If there's one thing I can count on, it's Windows IT Pro UPDATE readers: You've always been a wellspring of valuable information, and on those occasions where I'm explicitly looking for feedback, you've always been good about giving it. In last week's editorial, "Do You Really Want to Escape the Microsoft Safety Net?", I discussed the growing value of open-source software and services that compete with Microsoft's core products and pondered why more businesses weren't jumping ship. I received a lot of responses, all of which are appreciated. Here are some comments and feedback from readers.
There seems to be a consensus of sorts that Microsoft is indeed the new IBM and that the old phrase "nobody ever got fired for buying IBM" could be altered using Microsoft's name instead. This speaks to my point that Microsoft, today, is essentially a tradition in business. And users, it seems, don't adapt well to change either, making Linux on the desktop a nonstarter for many.
Quite a few readers discussed experimenting with Linux and other open-source alternatives, and almost all of them highlighted the fact that some niggling problem always stopped those experiments from becoming deployments. "We frequently run into some caveat--a loss of functionality, loss of support from a critical application, etc.--that brings us back to Microsoft," A. Hamberg wrote, regarding server-side solutions.
Some readers were quick to point out some of the technical advances that occurred in various open-source projects years ago. For example, various Linux versions have long sported the type of 3D desktop interface that Microsoft is only now pushing in Windows Vista. This is likely true, but it's unclear whether this type of innovation--or at least technical advancement--would ever have an effect on typical businesses. My take on this is that overall cost--including the cost of management and support--is a far bigger factor once you agree on baselines for functionality, reliability, and security. As open source matures, cost will likely become the most important overall factor in any technology decision.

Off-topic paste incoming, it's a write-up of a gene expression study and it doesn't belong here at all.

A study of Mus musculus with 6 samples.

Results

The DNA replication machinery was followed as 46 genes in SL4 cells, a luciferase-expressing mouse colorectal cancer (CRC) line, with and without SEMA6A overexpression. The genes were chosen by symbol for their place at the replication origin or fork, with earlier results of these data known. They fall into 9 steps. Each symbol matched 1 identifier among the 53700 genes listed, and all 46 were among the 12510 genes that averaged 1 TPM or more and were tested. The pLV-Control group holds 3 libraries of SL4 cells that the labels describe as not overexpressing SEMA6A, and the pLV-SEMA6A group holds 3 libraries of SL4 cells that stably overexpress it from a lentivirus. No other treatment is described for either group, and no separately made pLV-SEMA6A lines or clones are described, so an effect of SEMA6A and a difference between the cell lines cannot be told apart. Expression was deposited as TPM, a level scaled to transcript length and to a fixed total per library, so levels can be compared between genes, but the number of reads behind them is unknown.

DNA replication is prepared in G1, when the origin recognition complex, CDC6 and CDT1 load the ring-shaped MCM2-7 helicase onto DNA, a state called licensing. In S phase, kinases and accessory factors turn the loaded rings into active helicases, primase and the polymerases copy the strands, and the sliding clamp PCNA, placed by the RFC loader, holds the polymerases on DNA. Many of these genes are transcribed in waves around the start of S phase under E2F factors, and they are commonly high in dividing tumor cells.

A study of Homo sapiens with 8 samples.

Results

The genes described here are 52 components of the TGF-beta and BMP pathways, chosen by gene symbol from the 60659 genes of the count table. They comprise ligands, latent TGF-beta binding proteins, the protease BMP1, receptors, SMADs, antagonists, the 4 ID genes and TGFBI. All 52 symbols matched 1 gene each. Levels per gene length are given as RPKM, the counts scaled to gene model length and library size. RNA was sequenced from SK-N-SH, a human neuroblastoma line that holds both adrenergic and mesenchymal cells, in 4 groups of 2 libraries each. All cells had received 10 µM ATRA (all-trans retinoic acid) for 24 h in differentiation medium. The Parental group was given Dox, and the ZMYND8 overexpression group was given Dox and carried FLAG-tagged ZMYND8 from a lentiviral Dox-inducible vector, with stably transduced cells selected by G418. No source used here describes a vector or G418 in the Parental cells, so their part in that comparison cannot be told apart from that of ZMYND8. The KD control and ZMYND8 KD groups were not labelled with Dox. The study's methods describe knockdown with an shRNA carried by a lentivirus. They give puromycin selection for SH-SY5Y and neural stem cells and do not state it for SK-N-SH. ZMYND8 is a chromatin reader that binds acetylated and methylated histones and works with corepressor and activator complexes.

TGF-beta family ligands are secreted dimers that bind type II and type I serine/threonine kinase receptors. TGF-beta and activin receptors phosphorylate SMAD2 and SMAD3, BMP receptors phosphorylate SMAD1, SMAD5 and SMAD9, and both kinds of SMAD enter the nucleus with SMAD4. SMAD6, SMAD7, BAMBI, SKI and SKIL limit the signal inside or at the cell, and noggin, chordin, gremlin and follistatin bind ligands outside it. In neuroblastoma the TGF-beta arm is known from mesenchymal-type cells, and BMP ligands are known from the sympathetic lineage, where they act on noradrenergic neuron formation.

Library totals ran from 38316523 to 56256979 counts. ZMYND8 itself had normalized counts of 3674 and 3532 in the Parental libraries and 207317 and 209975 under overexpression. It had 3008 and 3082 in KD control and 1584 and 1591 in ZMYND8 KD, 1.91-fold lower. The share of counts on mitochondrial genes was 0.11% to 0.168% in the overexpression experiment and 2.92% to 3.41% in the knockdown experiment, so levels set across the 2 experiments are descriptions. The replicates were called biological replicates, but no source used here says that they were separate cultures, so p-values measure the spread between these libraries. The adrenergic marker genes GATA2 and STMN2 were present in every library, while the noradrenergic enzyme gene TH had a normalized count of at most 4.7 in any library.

On the flipside, a number of readers pointed at technologies such as the Tablet PC as examples of how Microsoft is indeed innovating in ways that are relevant to their businesses. And open-source adherents won't like this characterization, but I've always felt that much of the open-source work I see is created simply to be a Microsoft alternative. Is anyone out there actually trying to determine what customers need, or is copying Microsoft pretty much the business plan?
Additionally, there seems to be a decided lack of open-source support and management talent out there, which likely contributes to Microsoft's continued domination. Microsoft has arguably done a great job nurturing its certification programs and the independent support channels that keep the Microsoft ecosystem going.
It should be noted that not everyone appreciated the column. A Mr. Serebin noted that the collective "we" at Penton are becoming "PC World quality," and that I should simply change my email address to "[email protected]" to better identify my marketing of Microsoft products. I think I've been critical enough of Microsoft and its products over the years to not let that one get under my skin, but, hey, fair enough. One of the problems with a weekly newsletter that's length-constrained is that I often don't have the room to explore certain topics to the technical depth I'd prefer. Indeed, I'm out of space once again. Thanks for all the great feedback; I'm sure this is something we'll revisit in the future.